Lately, I’ve been thinking about the treasure trove that can be found in life’s challenging times — the wisdom, the victories, the emotional muscle built and, of course, the stories. As those who know me well often say with a smile, “It’s always about the story with her.”
It fascinates me to see what the journey of life will drill into our souls and our minds and how it can turn so effortlessly into songs, books, poetry, movies and kitchen-table stories that will entertain, provoke and evoke.
Recently, I watched a PBS documentary on country-music legend Merle Haggard and was so captivated by that installment of “American Masters” that I saved it on the DVR and said to Tink when he returned home, “You must watch this, and I will watch it again with you. It’s fantastic.”
He, too, knows the power of personal experience and how it can translate into phrases, dialogue and paragraphs that will enable others to look into a life so different and feel its drama. To any kid wishing to make a living one day as a storyteller, I say this, “You cannot write anything special until you have lived special.” A college dorm, a summer spent hanging around with the same friends in the same places or a life of no adventure, tribulation or overcoming will result in no stories to tell. There are no stories of consequence to be found in safe or predictable.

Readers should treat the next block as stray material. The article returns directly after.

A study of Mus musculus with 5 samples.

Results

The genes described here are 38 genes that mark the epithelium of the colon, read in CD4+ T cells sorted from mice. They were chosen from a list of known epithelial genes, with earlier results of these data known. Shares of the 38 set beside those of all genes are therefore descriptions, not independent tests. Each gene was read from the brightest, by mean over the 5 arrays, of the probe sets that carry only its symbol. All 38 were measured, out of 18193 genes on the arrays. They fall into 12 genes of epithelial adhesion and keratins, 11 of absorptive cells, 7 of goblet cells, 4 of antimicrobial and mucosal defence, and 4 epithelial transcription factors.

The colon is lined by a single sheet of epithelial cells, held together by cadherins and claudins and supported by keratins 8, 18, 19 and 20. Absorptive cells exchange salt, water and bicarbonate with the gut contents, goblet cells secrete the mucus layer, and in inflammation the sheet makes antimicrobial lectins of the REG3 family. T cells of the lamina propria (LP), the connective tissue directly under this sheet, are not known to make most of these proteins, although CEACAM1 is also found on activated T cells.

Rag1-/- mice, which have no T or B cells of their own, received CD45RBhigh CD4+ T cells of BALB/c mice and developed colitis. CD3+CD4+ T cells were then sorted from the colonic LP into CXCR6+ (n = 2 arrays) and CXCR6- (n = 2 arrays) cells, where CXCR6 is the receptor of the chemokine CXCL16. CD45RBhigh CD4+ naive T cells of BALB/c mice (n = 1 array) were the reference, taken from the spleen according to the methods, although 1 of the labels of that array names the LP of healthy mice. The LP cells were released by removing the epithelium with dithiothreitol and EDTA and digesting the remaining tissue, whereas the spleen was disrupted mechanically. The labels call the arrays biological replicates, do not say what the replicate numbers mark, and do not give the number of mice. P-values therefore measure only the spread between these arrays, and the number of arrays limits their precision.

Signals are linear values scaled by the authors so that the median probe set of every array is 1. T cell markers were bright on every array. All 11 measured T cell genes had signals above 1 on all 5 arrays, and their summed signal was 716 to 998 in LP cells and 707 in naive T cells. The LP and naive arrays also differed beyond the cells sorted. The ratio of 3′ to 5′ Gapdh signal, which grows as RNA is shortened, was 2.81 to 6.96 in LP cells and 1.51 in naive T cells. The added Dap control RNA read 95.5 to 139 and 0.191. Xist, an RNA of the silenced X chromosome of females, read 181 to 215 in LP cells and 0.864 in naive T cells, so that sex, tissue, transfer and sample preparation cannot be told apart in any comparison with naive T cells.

When the documentary ended, Tink agreed with me — some of country music’s most enduring songs were born from Haggard’s unique perspective. His adored father died suddenly when Haggard was young, sending him into a spiral that put him in reform schools and, eventually, in San Quentin prison. He had about 10 years of hard living and poor decisions that would erupt from his soul in the form of No. 1 hits. Sitting in the audience at a Johnny Cash show at Quentin, Haggard made up his mind he would turn his life around and follow his passion for music.
From those few years at the nation’s top-security prison came story songs of remarkable depth that I could never imagine or think up for I never had that experience. An inmate led past Haggard’s jail cell toward execution later became the solemn hit, “Sing Me Back Home,” and the lament over the trouble he caused his praying mother was documented in “Mama Tried.”
Haggard is exceedingly proud of the success he has had and even respectful of the decade-long detour that poured forth a bounty of material that made him a star then turned him into a legend.
Many years ago, I met Haggard. I was backstage at a Nashville television taping with a friend. We walked by his dressing room and since the door was open, my friend stopped and said, “Merle, I want you to meet someone.”
Surprisingly small in stature, he stood, took my hand and gallantly gave a bow.
After a few courtesies, I remarked, “A music professor told me that opera singers consider your baritone to be pure and perfect. You’re used as a training example.”
Never have my words flattered anyone more. He pulled back his shoulders and lifted his chin while his chest visibly expanded to puff out with pride.
“Really? Opera singers train to my voice?” He grinned from ear to ear. “How about that!”
I thought about that day in his dressing room when I watched that documentary. His voice may be an example to operatic baritones, but I believe that he is a teaching example for turning sorrows and hard times into remarkable storytelling.
May all storytellers learn from such an American master on how to turn our own lives into art.